A Lynchburger in Seattle
On a recent trip to Seattle, Washington, I visited the city’s leading historic cemetery to pay my respects to a Lynchburg native buried there. Lake View Cemetery is located in the “Capitol Hill” neighborhood, northeast of downtown Seattle. As its name suggests, there are beautiful views of Lake Washington from the highest points in the cemetery.
Prominent civil engineer John G. Scurry was born in Lynchburg in 1845 and died in Seattle in 1915. He is buried in the oldest section of Lake View Cemetery alongside many of Seattle’s pioneer families. In fact, his father-in-law Charles C. Terry owned much of the land on which the city lies today, and a downtown avenue is named for him.
Scurry served as a Sergeant in the 11th Virginia Infantry during the Civil War, before attending the University of Virginia and Johns Hopkins University to study engineering. In the late 1860’s he moved west to work for the booming railroad industry, which was racing to connect the east and west coasts by rail. Scurry helped with the original location of the Southern Pacific Railway through the Mojave Desert and was one of the locating engineers on the Union Pacific portion of the first transcontinental railroad.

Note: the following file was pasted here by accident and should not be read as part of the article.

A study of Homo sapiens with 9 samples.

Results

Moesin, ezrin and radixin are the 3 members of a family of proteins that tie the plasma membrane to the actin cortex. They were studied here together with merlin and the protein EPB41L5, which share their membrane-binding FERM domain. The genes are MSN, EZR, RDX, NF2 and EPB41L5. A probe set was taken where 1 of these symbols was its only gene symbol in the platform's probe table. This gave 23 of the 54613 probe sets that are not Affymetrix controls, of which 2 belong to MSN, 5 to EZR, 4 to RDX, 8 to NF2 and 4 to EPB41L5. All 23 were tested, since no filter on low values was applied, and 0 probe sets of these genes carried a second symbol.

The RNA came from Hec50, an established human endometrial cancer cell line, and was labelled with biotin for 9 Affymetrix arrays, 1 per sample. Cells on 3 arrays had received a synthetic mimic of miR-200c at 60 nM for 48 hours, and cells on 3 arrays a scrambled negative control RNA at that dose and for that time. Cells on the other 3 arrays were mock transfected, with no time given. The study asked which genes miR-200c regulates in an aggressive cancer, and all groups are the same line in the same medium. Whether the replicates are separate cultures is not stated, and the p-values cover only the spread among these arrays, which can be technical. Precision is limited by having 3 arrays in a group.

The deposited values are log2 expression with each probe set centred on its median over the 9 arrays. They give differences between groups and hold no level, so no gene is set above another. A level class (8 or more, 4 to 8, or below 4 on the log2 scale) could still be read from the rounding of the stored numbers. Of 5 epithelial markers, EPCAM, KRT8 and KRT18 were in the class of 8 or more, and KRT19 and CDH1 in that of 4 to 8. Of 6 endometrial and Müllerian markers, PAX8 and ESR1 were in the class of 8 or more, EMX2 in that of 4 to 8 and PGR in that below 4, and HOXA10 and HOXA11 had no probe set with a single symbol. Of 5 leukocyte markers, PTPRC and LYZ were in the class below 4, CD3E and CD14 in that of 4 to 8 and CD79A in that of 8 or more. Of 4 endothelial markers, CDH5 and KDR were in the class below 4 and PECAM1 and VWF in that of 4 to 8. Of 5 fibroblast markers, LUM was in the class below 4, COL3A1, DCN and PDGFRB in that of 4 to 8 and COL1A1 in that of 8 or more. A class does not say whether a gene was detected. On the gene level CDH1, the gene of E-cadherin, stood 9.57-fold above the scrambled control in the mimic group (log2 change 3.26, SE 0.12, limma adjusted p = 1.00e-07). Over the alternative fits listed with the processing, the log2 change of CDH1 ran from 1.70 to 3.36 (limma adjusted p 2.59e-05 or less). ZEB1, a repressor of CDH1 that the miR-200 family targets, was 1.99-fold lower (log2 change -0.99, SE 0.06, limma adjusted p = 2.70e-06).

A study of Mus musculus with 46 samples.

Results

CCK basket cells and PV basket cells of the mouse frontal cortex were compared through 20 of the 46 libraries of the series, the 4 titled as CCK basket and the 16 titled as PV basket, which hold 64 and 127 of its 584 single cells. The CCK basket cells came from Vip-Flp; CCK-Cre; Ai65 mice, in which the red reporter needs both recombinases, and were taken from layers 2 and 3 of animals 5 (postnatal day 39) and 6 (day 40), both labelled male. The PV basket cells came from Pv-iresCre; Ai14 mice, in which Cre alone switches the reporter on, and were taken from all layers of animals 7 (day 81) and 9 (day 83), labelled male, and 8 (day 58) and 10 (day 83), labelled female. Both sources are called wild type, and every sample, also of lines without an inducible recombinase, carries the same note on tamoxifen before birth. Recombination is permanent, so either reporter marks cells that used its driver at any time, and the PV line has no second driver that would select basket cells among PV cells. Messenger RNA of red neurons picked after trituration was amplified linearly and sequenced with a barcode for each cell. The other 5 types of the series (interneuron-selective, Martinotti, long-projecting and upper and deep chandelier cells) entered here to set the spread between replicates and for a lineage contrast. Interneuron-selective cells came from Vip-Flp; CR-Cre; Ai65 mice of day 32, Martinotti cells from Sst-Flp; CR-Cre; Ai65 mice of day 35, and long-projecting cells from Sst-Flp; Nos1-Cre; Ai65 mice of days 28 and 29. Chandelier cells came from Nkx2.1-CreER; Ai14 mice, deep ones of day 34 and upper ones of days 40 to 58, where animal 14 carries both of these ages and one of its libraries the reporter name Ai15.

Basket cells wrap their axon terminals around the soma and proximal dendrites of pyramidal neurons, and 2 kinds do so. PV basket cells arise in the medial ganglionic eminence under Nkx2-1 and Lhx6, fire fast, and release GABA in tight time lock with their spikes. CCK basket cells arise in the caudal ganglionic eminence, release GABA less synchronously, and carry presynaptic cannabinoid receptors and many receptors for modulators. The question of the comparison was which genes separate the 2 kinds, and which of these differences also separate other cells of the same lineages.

Scurry moved to Seattle in 1870, where he eventually became City Engineer. It was during his tenure that the Great Fire of 1889 destroyed Seattle’s entire central business district. Scurry was responsible for overseeing the replatting and regrading of downtown after the fire. Later in life he returned to railroad work, helping to locate the first railways in the territory of Alaska.
Scurry’s parents and several of his siblings are buried in a substantial enclosure along Old City Cemetery’s central driveway. Scurry’s father James was a native of Ireland, who immigrated to Lynchburg in the 1840’s. He was a master stone mason, who was often hired by the city to build and maintain downtown streets, sidewalks, steps, and walls. Perhaps it was watching his father struggle to engineer these streetscapes that inspired John Scurry—and prepared him for the challenges to come in his career. Either way, it’s a fascinating and surprising connection between the Hill City and the Emerald City.